REX NELSON: The strong mayor

By Rex Nelson

This article was published May 27, 2018 at 4:30 a.m.

In an August 2007 special election, 61 percent of Little Rock voters supported an initiative to make the position of mayor a full-time job while retaining the city manager form of government.


RBear says... May 27, 2018 at 8:55 a.m.

A very good column by Nelson on the current state of Little Rock municipal government, echoing similar thoughts I have after moving back to the city from nearly a quarter of a century in San Antonio. While I see the value of a good city manager, Little Rock is not in the right place for that now and needs to revert back to a strong mayor form of government. While many of the major cities of TX have council-manager forms of government, they are also of sizes 6 times or greater than Little Rock. Heck, one city council district in San Antonio is almost as big as all of Little Rock.


One thing for sure about Little Rock. When voters decided to create this 2-headed government, they had no idea what the results would be. It looked good on paper and ideally it sounded like a good idea, but....
Nelson speaks the truth about this city. We're the city with the responsibility for state capital infrastructure and improvements but not enough support ( $$$$) to provide it; and an ageless resentment from the legislature to help fix the problem.
Stodola has done what he could under the circumstances; faced with stagnant growth, a commuter work force, failing schools and resentment to a charter school alternative, his focus on downtown revitalization was his only choice. Create a downtown environment where tourists can mingle; attempt to make the Clinton Library a destination address, and attract young adults if possible. And don't overlook the "arts".
Stodola's comment " We keep going back to the same families year after year, and some of them are tired." is indicative of an ageless problem we have in Little Rock. For too long, the same civic and political re-treads have been attempting to shape the future of this city. What my father called the "dirty dozen" of years past may have been expanded in numbers but little else.
If Little Rock wants to progress, we need to decide what form of government will lead us. Two heads confuse the citizens and dilutes the power. Fix this before we elect another mayor who will struggle as Stodola has.


Drs it cannot be fixed before we elect a new mayor. The voters must fix that and the next mayoral election is in November. That being said, the charge of the next mayor should be to lead an effort to fix the issue and help set forth a new vision for ALL the city.


Fixing up Robinson Auditorium is like putting lipstick on a pig. That money should have been spend on fixing the schools, social services, and crime enforcement. Little Rock needs a Bloomberg who will do what needs to be done and take the political heat. The schools are bad from elementary on up. Teachers' contracts need to be renegotiated or purchased and better teachers hired. School days and years need to be lengthened. Birth control needs to be distributed to drug addicts and unfit parents. Children need to be taken away from unfit parents. The gangs need to be controlled through stop and frisk. When the schools improve and crime decreases, people will return to Little Rock to live.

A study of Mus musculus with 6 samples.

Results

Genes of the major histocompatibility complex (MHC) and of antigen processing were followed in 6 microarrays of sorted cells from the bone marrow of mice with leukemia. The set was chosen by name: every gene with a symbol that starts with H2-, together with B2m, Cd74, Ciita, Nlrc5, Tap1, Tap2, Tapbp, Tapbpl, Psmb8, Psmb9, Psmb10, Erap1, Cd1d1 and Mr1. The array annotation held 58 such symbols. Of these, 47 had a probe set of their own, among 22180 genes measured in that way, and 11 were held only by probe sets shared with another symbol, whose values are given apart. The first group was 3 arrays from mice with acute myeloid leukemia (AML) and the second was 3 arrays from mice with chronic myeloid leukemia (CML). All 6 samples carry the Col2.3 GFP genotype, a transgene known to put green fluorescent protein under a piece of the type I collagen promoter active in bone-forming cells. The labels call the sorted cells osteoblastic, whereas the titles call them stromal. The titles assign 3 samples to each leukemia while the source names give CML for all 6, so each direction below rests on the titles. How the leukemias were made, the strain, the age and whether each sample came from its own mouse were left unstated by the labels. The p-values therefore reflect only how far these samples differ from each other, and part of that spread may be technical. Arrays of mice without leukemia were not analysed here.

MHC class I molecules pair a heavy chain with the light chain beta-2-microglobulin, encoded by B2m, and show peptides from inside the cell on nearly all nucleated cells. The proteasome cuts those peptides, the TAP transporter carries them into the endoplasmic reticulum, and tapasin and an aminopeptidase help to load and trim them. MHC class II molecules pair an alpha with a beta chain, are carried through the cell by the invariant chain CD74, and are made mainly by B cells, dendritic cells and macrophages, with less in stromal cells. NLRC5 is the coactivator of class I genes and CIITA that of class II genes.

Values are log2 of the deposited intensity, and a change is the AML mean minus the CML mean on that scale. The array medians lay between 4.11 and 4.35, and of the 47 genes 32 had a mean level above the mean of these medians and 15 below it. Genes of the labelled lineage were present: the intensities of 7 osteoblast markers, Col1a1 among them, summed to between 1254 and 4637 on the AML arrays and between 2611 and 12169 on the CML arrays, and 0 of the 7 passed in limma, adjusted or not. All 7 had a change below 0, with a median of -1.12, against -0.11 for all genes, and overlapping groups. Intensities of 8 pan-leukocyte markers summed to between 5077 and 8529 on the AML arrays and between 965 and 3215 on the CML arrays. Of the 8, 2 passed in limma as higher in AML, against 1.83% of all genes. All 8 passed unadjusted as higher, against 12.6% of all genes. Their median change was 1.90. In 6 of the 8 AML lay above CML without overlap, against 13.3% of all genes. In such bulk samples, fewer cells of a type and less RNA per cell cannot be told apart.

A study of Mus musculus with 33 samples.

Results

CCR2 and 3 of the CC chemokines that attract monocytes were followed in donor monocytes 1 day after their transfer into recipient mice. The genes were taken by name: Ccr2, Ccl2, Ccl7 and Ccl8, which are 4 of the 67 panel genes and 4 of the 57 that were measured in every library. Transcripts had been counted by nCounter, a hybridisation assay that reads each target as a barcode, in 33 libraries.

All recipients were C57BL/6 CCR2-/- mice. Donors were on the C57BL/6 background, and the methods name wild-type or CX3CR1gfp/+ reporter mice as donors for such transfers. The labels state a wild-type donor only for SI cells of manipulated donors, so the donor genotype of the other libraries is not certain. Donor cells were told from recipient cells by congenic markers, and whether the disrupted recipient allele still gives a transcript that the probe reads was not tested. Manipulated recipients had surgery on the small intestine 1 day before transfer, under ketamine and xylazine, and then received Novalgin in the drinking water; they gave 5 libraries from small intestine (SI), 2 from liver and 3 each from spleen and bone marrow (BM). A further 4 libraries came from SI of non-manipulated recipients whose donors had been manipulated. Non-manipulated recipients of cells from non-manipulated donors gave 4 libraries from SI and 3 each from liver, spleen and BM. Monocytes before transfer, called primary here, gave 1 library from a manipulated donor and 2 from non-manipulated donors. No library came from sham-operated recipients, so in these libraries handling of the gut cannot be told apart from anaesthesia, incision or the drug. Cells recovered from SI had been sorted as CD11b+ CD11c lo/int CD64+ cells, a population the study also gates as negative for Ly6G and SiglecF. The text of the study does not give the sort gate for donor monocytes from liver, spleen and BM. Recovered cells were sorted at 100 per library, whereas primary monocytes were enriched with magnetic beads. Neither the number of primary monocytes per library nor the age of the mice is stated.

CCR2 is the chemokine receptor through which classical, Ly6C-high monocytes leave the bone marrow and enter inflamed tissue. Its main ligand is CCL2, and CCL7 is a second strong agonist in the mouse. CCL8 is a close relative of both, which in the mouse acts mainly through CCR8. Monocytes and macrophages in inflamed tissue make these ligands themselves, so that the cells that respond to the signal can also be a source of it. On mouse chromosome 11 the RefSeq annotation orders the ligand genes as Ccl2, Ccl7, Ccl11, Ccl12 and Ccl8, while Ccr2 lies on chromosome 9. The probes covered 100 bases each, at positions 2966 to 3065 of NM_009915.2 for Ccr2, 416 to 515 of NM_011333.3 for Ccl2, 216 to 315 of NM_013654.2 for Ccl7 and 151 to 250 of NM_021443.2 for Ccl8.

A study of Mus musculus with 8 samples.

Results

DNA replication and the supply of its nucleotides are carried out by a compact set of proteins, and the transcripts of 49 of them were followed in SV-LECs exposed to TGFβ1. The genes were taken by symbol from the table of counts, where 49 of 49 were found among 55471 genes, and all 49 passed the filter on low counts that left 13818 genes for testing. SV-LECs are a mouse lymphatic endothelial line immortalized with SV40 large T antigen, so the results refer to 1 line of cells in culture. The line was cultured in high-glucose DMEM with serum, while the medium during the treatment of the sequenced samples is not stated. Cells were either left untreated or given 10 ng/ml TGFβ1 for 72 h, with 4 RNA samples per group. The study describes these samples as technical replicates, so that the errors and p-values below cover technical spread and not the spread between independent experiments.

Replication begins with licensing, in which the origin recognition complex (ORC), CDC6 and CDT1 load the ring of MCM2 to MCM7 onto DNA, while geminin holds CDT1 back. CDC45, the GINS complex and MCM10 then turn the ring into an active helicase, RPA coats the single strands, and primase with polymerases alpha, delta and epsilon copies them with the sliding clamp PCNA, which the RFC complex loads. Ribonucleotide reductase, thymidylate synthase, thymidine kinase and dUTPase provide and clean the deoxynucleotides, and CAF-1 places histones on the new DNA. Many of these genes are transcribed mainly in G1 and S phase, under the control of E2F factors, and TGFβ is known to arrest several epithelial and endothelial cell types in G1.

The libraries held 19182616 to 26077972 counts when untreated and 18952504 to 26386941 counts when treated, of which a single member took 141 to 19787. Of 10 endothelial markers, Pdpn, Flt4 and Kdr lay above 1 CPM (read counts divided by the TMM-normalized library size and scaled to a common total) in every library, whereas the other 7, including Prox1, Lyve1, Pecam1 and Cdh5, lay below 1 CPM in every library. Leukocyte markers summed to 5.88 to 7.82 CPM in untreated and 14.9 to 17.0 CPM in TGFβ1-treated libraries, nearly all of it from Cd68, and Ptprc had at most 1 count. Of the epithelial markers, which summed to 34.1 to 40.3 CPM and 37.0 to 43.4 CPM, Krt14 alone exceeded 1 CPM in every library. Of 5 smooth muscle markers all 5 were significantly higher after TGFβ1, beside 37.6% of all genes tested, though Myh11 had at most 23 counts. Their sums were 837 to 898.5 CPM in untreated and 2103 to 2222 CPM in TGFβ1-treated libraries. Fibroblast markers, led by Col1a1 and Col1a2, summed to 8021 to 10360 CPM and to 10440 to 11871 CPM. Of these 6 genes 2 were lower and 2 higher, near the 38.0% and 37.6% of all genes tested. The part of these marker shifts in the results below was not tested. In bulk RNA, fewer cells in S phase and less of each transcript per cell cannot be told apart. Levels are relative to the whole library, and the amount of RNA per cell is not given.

Bear is, of course right. The problem is that nobody is going to tank their own meal ticket to do what needs to be done.


Come on, RBear, "shared vision?" What would that shared vision look like, and why would discrete business interests have a shared vision? And why is it the capitalists' vision that is so important? That's is just BS. The columnist comes close to figuring things out when he alludes to the "half-century of litigation surrounding the public schools." The litigation starting this was Brown v. Board. After that, it was just a matter of the folks who wanted to keep their separate schools, churches and neighborhoods moving to Cabot, Bryant, and Conway and hollowing out parts of the city. In-fill development can be a slow and painful process, but it happened downtown and it will happen elsewhere in the city's east and south.


DSF I suggest you Google up SA 2020 and see what I'm talking about. I've talked to several in Little Rock who would BEG for this and it's not about some capitalist dream. In fact, during our process in SA we had all at the table working together at the table, literally. The report has many photos from the sessions which shows how that came about.


Last Term Mayor Stodola is full of crap. The violent crime rate in LR is twice the national average. I guess that only two tourists murdered in the last two years (one from Italy and one from IL) is functionally zero risk for tourists. Stodola and the board have given the CoC public funds for years while each sitting member of the LRBOD & Stodola have accepted funds from the CoC associated PAC - Progress PAC. We have most of the white police officers working for LRPD afraid to live in the city due to crime and schools, and the department is divided along racial lines. The COP is trying to get a job elsewhere and we spent almost $15k sending him to Harvard to boost his resume. We need to get rid of all the sitting LRBOD's and city manager Bruce Moore. Then with the election of a new mayor and fresh city board members the problems LR faces can be tackled. #TimeForChange #CleanOutLRCityHall #ByeByeBuckner


And for the record, Stodola has been mayor so long, he was first elected to office before the first iPhone was released. He like the first iPhone is outdated and worthless.